As Prewett Bizley's first built work, this distinctive end-of-terrace has been made very much their own, providing a home for founding partner Graham Bizley, and a base for the fledgling practice co-founded with Robert Prewett. The site was found after three years of failed searches, bids, and planning inquiries. Weary of the process, but with considerable experience, instinct took over when Bizley saw the site. Minutes after raising a hand at auction, and despite having had no contact with the local planning authority, he had become the proud owner of 60sqm of London real estate. A perfect site for a young architect--an overgrown and apparently hopeless tapering plot, with many practical limitations.

For Bizley, inherent constraints were welcome, and very much the making of the project. Despite his understandable enthusiasm to make a mark (initially pursuing Cor-Ten and concrete options), an understanding and interpretation of planning codes, and a close working relationship with his own budget (funded through a personal mortgage) made certain decisions inevitable. The form of the building, in plan and section at least, has been shaped by rights to light obligations; and the absence of any windows to the rear avoids issues of overlooking and fire spread. Many more considered moves were made, such as the internal disposition of spaces, which break with convention; by sandwiching the most private rooms between two principal live/work spaces, and by placing a drying room at the top of a self-ventilating stair tower (supplied with warm air that passes through high level internal windows set above the top-lit dining area). Expressing spaces through the fenestration, the architects also sought to avoid the distracting effect of the intermediate scale, choosing to focus on extremes of large and small gestures by articulating a solid wall with an apparently haphazard arrangement of punched-out windows; with each specifically located and detailed according to the spaces they serve. Externally, other questions were addressed, such as, how the building should address the street, with a practical threshold that avoids alienating gates and screens.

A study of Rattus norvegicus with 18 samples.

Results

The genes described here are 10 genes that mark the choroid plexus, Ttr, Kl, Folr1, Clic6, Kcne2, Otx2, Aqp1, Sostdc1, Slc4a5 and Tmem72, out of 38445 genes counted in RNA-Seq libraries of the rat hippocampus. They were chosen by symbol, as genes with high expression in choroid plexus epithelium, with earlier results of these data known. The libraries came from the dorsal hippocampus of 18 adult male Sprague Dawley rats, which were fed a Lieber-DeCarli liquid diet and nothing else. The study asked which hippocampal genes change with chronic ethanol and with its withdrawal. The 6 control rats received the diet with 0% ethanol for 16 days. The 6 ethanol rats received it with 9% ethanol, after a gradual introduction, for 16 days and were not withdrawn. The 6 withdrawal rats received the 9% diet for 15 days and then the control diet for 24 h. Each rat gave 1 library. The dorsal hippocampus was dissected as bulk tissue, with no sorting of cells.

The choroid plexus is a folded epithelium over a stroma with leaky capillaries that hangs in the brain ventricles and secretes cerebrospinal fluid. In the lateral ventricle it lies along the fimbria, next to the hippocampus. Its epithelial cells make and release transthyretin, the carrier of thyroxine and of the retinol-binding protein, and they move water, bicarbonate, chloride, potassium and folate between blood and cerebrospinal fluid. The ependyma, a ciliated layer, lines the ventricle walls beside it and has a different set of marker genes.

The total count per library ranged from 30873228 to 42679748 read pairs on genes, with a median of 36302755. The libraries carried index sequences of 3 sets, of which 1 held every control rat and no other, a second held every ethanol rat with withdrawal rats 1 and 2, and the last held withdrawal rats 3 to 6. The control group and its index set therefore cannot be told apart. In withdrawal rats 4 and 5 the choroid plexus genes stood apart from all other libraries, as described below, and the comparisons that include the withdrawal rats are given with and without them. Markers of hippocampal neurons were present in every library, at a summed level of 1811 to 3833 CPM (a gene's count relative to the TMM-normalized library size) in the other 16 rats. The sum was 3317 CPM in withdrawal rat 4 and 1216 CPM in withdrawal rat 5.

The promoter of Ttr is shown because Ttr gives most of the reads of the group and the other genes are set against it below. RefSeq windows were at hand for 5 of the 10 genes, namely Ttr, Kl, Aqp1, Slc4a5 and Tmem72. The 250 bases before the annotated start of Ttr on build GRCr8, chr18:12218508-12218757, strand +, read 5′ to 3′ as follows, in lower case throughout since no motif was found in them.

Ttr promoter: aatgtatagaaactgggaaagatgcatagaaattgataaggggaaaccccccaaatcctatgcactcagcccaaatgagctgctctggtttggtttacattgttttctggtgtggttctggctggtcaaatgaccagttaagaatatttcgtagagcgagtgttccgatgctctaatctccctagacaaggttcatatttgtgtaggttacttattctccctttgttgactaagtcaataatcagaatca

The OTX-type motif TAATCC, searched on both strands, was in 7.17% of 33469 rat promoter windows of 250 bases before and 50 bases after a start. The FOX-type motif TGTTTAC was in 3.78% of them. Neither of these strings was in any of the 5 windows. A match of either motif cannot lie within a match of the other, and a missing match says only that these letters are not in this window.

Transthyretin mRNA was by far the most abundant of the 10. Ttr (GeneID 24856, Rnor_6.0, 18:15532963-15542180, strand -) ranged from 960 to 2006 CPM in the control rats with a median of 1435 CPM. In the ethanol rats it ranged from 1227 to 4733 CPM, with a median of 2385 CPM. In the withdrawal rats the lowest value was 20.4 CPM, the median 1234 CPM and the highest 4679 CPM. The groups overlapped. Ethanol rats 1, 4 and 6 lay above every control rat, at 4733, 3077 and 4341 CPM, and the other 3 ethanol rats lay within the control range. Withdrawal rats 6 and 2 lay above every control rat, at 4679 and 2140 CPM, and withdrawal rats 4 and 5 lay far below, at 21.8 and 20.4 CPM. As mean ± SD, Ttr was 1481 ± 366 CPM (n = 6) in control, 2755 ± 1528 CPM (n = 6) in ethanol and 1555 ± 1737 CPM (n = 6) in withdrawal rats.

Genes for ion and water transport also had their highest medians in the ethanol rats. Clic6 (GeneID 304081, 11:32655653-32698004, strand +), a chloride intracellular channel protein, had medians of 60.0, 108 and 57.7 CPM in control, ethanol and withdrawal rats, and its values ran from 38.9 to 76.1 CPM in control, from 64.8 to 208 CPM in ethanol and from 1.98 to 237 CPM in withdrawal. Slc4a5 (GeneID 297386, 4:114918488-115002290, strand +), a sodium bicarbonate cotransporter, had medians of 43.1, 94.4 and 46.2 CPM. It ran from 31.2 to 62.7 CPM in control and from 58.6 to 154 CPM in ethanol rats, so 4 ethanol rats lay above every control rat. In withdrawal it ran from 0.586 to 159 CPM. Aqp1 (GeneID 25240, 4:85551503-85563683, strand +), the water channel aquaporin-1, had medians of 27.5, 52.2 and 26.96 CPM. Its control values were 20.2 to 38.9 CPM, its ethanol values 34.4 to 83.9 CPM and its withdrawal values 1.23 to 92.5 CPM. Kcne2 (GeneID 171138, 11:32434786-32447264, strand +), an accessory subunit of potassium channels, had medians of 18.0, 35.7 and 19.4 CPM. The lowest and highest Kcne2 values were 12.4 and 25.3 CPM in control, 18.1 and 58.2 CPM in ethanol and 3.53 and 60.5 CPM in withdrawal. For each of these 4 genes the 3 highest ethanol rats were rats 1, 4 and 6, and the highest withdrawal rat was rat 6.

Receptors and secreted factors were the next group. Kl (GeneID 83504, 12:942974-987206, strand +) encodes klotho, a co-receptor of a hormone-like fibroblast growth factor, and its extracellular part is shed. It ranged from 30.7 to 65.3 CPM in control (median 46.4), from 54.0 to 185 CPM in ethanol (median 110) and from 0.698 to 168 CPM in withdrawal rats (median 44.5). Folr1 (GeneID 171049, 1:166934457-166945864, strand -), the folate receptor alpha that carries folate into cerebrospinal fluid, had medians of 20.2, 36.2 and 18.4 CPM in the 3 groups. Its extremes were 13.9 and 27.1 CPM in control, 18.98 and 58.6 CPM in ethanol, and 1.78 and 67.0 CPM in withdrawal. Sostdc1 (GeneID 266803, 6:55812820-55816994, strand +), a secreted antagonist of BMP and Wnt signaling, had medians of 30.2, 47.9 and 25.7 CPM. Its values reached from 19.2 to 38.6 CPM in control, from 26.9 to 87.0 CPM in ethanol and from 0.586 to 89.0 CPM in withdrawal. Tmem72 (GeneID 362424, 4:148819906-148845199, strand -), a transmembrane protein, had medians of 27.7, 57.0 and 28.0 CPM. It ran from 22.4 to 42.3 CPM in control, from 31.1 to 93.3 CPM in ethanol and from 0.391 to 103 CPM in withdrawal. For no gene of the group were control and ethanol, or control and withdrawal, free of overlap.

It is, however, the interior that deserves the closest inspection, given the wide variety of spaces produced within a plan that is essentially only one room deep. The plan's effectiveness is achieved through the detailed resolution of the stair; through the integration of built-in storage, particularly at the base of the stair where subtle thresholds exist; and through the spatial duality orchestrated by the glazed rear court, which opens the interiors to the sky, and adheres to one of Christopher Alexander's key pattern book directives, by allowing the occupants to observe their own back wall.

Without excessive expression, a skilful level of detailing is seen throughout, from staircase and storage, to window linings--each with integrated blinds. Despite the inevitability of the first moves, this modest 99sqm house is full of ideas. We wait to see how many of these early preoccupations will emerge through the practice's future work.

Publication:The Architectural Review
Geographic Code:4EUUK
Date:Mar 1, 2006
Words:503
Previous Article:Inner realm: with a combined interest in the sculptural use of concrete and the process of making domestic rooms, Jamie Fobert creates a new family...
Next Article:Treading lightly: this holiday house in Big Sur is a highly tactful and inventive response to stringent local environmental regulations.